Tips for getting a mortgage
Are you a first time buyer or simply looking to move home or do some home improvements. With the introduction of MMR from the end of April there is greater emphasis on lenders to ensure that you can afford their products. This means that no doubt their qualifying rules will become more complex. Additionally you may find that to get a cheap rate you will need a larger deposit. The schemes available now benefit those who require a low loan to value. For first time buyers the help to buy schemes will help but shop around as you will find that borrowing 95% loan to value compared with say 90% loan to value could be a lot more expensive.
Understanding how lenders assess you for a mortgage will greatly help your chances of getting a loan.
These are some useful tips for getting a mortgage at possibly the lowest headline rate commensurate with your income and deposit.
- Ensure that you are on the electoral register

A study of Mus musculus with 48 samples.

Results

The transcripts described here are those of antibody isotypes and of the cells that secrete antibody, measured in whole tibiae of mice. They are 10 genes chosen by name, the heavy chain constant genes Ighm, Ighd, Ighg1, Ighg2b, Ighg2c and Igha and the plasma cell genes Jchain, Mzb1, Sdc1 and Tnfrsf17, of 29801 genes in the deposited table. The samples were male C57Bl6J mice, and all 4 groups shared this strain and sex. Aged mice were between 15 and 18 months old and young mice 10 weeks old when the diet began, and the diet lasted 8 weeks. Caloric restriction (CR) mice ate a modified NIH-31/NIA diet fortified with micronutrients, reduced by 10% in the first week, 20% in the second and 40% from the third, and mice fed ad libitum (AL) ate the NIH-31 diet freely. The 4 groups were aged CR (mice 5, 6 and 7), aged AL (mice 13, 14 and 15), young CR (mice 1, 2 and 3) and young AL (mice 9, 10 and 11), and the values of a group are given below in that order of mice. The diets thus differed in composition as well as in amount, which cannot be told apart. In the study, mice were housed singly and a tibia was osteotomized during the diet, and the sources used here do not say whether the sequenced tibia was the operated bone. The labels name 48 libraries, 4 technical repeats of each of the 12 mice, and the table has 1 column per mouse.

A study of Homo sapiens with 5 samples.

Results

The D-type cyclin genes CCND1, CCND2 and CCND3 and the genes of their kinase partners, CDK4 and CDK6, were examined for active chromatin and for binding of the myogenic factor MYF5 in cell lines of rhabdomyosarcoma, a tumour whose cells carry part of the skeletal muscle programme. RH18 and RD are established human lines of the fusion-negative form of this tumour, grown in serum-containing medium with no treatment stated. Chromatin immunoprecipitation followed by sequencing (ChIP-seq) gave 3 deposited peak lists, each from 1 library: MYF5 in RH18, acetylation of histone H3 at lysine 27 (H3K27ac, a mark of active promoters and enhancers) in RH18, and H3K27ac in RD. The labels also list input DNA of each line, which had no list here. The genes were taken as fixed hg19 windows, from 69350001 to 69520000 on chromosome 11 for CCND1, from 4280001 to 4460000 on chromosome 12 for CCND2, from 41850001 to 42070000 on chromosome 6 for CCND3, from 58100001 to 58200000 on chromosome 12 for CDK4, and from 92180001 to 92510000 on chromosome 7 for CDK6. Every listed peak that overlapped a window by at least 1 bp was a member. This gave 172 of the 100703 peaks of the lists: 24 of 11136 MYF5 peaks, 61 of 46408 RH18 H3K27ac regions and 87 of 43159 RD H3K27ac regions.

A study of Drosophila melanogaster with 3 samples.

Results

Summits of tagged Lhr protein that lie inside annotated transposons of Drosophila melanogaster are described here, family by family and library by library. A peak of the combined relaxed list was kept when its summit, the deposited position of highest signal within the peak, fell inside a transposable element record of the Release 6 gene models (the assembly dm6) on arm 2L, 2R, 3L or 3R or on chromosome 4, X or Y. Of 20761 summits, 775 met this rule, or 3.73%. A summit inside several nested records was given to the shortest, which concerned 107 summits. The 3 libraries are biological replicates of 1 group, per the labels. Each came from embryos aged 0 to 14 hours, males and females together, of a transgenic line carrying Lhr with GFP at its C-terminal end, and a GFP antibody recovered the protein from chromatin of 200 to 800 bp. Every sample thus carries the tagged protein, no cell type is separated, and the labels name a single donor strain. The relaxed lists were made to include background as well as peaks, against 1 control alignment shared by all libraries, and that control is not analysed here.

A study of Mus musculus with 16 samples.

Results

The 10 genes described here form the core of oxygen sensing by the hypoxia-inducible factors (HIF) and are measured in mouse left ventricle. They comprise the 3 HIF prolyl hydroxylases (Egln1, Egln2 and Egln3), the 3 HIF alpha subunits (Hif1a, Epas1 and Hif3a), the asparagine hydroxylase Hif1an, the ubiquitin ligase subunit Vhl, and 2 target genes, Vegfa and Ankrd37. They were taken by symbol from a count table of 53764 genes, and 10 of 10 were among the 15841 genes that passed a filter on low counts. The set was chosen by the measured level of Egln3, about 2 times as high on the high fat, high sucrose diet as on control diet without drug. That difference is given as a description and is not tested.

- Do not miss any payments on any of your financial commitments such as utilities and credit cards. Missed payments will count against you.
- If you have any debt, reduce it as much as you can. By doing this you may be able to borrow more than you originally thought.
- Do not apply for credit at the same time that you apply for a mortgage.
- Ensure that you can prove your income by keeping pay slips and P60s. Proper accounts if you are self-employed.
- Make sure that you have a good credit rating and if you are unsure about what your credit rating is then you should obtain a record of your credit history from one of the credit rating agencies.
- Make sure that you understand and can fulfil lenders’ criteria.
The above is relevant whether you are applying for a mortgage to purchase a property or re-mortgaging your existing property.
Whether you re-mortgage depends on the deals available from you current lender and rates available from other lenders. You may also want to consider a secured loan especially if you have some preferential terms with your lender and they will not lend you anymore money.